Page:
Why was David Shulkin fired as head of the Department of Veterans Affairs? The easiest explanation is that he stood in the way of a privatization scheme.
This May 19, 2014 photo shows a  a sign in front of the Veterans Affairs building in Washington, DC.
This May 19, 2014 photo shows a a sign in front of the Veterans Affairs building in Washington, DC.

Why was David Shulkin fired as head of the Department of Veterans Affairs after just a year on the job? It's easy to make the case that the ethics mess surrounding a taxpayer-funded European trip put an expiration date on his tenure.

But that's an unsatisfying explanation for a fairly obvious reason: Donald Trump's administration is filled with high-ranking officials facing serious ethics controversies, including travel-related scandals. While many of these other officials continue to enjoy the president's full support, Shulkin was shown the door, ousted in favor of a physician with no obvious qualifications for the job.

So what's the real reason behind Shulkin's dismissal? The outgoing V.A. chief wrote an op-ed for the New York Times, pointing to "the ambitions of people who want to put V.A. health care in the hands of the private sector."

I believe differences in philosophy deserve robust debate, and solutions should be determined based on the merits of the arguments. The advocates within the administration for privatizing V.A. health services, however, reject this approach. They saw me as an obstacle to privatization who had to be removed. That is because I am convinced that privatization is a political issue aimed at rewarding select people and companies with profits, even if it undermines care for veterans.Until the past few months, veteran issues were dealt with in a largely bipartisan way. (My 100-0 Senate confirmation was perhaps the best evidence that the V.A. has been the exception to Washington's political polarization). Unfortunately, the department has become entangled in a brutal power struggle, with some political appointees choosing to promote their agendas instead of what's best for veterans. These individuals, who seek to privatize veteran health care as an alternative to government-run V.A. care, unfortunately fail to engage in realistic plans regarding who will care for the more than 9 million veterans who rely on the department for life-sustaining care.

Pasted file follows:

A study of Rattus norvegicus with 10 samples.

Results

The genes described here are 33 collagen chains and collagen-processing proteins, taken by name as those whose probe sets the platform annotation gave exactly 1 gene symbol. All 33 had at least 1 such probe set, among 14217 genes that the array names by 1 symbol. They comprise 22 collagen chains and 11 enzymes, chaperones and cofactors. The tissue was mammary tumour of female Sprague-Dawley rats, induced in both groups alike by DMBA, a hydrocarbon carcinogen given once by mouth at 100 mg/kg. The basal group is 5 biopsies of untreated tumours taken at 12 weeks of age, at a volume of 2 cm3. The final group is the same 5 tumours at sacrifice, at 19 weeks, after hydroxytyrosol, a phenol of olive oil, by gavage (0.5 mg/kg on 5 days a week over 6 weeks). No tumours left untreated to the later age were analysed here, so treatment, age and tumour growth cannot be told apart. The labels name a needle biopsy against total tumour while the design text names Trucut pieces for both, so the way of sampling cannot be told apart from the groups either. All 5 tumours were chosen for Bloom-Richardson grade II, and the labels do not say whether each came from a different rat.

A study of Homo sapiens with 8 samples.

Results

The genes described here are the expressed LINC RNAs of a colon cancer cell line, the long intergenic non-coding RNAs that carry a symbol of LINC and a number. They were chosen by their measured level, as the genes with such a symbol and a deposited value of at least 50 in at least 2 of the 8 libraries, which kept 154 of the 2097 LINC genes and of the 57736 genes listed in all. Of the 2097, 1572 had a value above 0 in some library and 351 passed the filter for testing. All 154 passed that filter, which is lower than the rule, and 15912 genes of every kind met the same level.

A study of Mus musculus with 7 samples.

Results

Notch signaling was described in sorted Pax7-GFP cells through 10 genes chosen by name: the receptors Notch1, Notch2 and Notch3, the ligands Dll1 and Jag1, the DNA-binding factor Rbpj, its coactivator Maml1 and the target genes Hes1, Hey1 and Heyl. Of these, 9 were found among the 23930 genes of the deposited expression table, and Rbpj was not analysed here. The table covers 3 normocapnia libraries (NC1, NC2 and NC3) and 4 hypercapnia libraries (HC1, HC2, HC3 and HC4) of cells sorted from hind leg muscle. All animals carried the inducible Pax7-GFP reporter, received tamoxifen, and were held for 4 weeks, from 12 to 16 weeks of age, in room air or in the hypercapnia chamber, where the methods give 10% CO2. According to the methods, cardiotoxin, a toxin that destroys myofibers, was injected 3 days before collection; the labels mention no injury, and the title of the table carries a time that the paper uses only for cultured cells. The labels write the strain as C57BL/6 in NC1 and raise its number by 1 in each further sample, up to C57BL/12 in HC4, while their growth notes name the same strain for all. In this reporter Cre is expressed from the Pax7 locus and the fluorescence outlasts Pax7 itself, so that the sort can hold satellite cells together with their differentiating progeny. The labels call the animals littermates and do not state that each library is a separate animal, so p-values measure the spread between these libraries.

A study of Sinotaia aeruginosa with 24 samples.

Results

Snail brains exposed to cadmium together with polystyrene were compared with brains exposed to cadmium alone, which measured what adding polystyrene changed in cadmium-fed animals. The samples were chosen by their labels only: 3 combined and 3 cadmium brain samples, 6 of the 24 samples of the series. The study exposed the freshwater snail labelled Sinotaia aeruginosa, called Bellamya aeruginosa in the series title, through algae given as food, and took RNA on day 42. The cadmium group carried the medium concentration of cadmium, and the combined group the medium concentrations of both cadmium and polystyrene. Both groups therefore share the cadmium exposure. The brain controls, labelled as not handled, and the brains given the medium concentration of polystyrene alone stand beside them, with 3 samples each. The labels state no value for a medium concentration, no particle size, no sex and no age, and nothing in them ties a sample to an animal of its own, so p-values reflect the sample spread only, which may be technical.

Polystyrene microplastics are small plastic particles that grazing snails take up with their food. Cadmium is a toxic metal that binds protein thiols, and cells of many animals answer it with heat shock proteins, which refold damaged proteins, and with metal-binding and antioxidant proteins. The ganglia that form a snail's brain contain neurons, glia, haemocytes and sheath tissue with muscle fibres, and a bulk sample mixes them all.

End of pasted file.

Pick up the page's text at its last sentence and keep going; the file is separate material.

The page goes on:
Shulkin's piece went on to make the case that private-sector providers are poorly equipped to care for veterans -- a sentiment shared by most of the nation's largest advocacy organizations.

As Rachel explained on last night's show, however, the V.A. is essentially a single-payer system of socialized medicine, which necessarily makes it a target for the right. It remains a conservative fantasy to kill off the cabinet agency and push veterans into the private marketplace for ideological reasons.

The trouble, of course, is the number of people who buy into that fantasy, despite its unpopularity among veterans and their advocates. As Shulkin sees it, many of them are Trump-appointed political appointees working in the V.A. itself.

Indeed, the president himself has expressed support for privatizing at least some areas of veterans' care.

With this in mind, it becomes easy to believe Shulkin's ouster had less to do with a travel controversy and more to do with his resistance to an ideological campaign within the Republican administration. (Shulkin, an independent who worked in the Obama administration, was the only non-Republican in Trump's cabinet.)

His op-ed added that the environment in Washington "has turned so toxic, chaotic, disrespectful and subversive that it became impossible for me to accomplish the important work that our veterans need and deserve..... As I prepare to leave government, I am struck by a recurring thought: It should not be this hard to serve your country."

This is the environment that Navy Admiral Ronny Jackson, the White House physician, is poised to enter. For quite a while, Jackson's sole focus has been on providing medical care for his patients -- a list that includes the president. His focus will now shift to overseeing the nation's second largest cabinet agency, with 360,000 employees and an annual budget of $186 billion, which is apparently in the midst of a brutal political fight, thanks largely to far-right efforts to privatize the care the V.A. currently provides.

It's hard not to wonder if Jackson knows what he's getting himself into. Here's hoping he spends some today with Shulkin's op-ed.